Christopher Nolan has been chatting about the conclusions being drawn from the release of Tenet in cinemas over the summer.
Christopher Nolan has spoken for the first time about the box-office performance of Tenet, arguing that he believes studios that are perceiving it as a failure need to shift their expectations, especially as their misconceptions are hurting cinemas, the LA Times has reported.
Speaking at a Q&A with the writer Tom Shone, Nolan gave his view on Tenet’s performance for the first time in public, stating:
“Warner Bros. released Tenet, and I’m thrilled that it has made almost $350 million. But I am worried that the studios are drawing the wrong conclusions from our release — that rather than looking at where the film has worked well and how that can provide them with much needed revenue, they’re looking at where it hasn’t lived up to pre-Covid expectations and will start using that as an excuse to make exhibition take all the losses from the pandemic instead of getting in the game and adapting — or rebuilding our business, in other words.”
It’s a stark take, and one that will resonate with those who feel like studios have left exhibitors to almost completely feel the hefty economic sting of the Covid pandemic. Tenet’s lukewarm box office in the US totalled $55m, with several major markets such as New York and LA closed. The film has since taken $347m worldwide.
Whilst Nolan acknowledges that wasn’t enough for the film to break even, when discussing the future of filmmaking he also made the point that studios were sitting astride a very healthy profit line from the previous year, implying that they could afford to incur some losses to support the exhibition industry that in turn supports them:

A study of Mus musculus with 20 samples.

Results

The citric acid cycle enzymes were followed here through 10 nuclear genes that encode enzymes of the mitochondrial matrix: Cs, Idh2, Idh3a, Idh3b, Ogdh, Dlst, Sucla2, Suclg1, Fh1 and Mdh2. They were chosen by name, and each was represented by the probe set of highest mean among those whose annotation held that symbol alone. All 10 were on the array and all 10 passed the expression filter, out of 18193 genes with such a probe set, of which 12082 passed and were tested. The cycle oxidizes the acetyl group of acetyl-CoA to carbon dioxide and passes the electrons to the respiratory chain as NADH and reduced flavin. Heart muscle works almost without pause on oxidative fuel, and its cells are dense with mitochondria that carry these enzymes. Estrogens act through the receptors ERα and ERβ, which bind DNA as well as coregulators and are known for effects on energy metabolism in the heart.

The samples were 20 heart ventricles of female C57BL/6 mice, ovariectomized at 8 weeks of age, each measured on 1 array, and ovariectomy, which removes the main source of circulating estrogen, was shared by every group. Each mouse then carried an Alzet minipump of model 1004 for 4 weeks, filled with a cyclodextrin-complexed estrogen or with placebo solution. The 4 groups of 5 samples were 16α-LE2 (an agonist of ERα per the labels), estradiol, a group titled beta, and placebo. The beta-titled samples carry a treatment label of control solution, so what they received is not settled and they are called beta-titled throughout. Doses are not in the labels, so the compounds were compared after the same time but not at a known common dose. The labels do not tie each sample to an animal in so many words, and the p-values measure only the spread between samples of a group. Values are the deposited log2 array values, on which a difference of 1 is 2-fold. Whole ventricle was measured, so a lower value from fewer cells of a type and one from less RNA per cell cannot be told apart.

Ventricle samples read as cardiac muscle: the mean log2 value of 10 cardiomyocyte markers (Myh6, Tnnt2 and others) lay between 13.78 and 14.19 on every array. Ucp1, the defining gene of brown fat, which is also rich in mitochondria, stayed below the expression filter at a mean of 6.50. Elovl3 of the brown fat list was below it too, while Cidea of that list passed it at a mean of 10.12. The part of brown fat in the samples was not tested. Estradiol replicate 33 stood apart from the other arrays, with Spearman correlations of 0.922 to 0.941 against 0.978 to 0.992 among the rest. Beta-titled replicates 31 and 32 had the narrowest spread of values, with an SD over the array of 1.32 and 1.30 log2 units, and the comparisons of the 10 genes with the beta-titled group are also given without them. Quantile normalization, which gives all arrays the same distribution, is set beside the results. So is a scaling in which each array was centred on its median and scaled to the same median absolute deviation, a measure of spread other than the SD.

“Well, it’s a difficult question to speak to. If you’re talking about the acceleration of existing trends, that’s something I started reading right at the beginning of the pandemic. And it ignores the reality that 2019 was the biggest year for theatrical films in history. They’d made the most money. The admissions were huge. Long term, moviegoing is a part of life, like restaurants and everything else,” he continued. “But right now, everybody has to adapt to a new reality.’
From a filmmaker of Nolan’s stature, comments of this ilk serve as a warning shot to studios about the consequences of their inaction this year. Still, from a filmmaker that supports the cinematic experience like no other, frankly, we’d expect nothing less, but it’s still nice to hear somebody say it.